Alzheimer’s can be difficult to detect early on because the common symptoms could also be general signs of an aging brain — forgetting information or how to do a technical task, slower physical movements. Knowing what to look for can help with early diagnosis and treatment and management of the disease.
The Alzheimer’s Association has 10 warning signs that could signal dementia, an umbrella term for a wide range of symptoms which Alzheimer’s falls under.
- Memory loss that disrupts daily life, especially forgetting recently learned information. Also watch out for forgetting important events, repeatedly asking for the same information or needing to rely on memory aids.
- Challenges in problem-solving or concentration, including difficulty following a recipe or keeping track of bills. Regular tasks may take longer to complete than normal.
- Difficulty completing familiar tasks like driving to a regular location, managing a budget or remembering the rules of a game.
- Confusion with time or place and forgetting where they are or how they got there. People suffering from dementia may have difficulty understanding something that is not happening right now.
- Trouble understanding visual images or spatial relationships, vision problems, difficulty reading or judging distance or distinguishing between colors. This may cause difficulty with driving.
- Problems speaking or writing, joining the middle of a conversation or being able to keep up a conversation. They may struggle to find the right words or use the wrong name to describe something.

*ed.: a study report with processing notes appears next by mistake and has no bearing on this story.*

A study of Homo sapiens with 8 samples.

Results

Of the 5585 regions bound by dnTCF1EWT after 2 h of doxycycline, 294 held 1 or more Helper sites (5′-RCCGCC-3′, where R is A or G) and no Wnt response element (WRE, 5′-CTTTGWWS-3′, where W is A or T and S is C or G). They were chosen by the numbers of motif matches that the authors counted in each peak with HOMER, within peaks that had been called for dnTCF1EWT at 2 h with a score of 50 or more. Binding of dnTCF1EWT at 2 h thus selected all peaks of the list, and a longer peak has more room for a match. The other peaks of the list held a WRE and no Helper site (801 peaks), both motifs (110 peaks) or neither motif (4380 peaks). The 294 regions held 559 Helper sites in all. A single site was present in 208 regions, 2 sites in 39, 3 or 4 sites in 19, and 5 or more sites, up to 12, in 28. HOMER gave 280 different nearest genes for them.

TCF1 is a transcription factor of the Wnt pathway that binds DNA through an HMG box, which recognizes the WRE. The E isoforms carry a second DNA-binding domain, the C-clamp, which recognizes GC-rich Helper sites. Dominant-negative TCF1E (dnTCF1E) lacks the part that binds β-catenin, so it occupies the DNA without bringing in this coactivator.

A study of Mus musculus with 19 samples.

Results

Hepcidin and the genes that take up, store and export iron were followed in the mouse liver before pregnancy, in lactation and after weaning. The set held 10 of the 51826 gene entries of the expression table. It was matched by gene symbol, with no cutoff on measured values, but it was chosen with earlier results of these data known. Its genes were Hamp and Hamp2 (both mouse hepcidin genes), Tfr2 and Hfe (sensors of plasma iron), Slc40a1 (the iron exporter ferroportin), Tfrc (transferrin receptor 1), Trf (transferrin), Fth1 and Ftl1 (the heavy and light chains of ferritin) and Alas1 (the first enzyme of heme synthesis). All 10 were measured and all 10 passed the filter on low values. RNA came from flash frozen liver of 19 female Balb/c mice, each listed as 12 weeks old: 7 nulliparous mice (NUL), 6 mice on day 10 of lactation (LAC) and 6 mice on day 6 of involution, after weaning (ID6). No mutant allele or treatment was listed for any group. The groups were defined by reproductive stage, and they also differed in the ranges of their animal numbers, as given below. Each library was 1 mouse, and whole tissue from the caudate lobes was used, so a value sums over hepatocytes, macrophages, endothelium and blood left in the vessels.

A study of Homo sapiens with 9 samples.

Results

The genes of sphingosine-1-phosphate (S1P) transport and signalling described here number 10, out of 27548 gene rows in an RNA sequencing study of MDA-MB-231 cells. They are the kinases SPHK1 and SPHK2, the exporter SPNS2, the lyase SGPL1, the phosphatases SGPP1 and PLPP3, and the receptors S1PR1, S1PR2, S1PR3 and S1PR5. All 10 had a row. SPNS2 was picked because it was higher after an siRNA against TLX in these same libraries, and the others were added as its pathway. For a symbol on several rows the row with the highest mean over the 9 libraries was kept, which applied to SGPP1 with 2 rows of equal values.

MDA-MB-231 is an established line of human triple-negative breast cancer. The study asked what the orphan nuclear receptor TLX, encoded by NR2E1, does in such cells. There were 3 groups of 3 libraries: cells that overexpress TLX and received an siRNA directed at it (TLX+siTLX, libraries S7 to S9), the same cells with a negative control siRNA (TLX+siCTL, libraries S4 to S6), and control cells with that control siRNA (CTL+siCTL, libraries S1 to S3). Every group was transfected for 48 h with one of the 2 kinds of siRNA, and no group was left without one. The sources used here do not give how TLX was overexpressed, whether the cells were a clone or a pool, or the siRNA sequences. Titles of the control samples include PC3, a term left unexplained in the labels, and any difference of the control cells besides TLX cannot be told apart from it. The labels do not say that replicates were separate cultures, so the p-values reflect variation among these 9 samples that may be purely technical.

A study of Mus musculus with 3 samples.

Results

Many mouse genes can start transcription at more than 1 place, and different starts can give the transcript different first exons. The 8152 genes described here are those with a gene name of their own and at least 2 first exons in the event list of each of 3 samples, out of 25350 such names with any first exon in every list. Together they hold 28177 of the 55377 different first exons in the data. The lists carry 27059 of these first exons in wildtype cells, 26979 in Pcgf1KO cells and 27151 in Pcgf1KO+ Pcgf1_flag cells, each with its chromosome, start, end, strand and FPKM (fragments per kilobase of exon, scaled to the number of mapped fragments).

- Losing or misplacing items, losing the ability to backtrack to find items they’ve misplaced or accusing people around them of stealing items they have misplaced.
- Exercising poor judgment in decision making, such as giving large amounts of money to telemarketers or scammers or other bad financial decisions, paying less attention to their own hygiene or house cleaning.
- Withdrawing from work or social activities, ceasing to participate in hobbies or following a favorite sports team. This could be because they have difficulty remembering how to participate or self-imposed isolation because of the changes they’ve experienced.
- Changes in mood and personality, with ill people becoming confused, suspicious, depressed, anxious, fearful or even paranoid. They may get upset easily with friends, family or coworkers or when they are in places that are out of their comfort zone.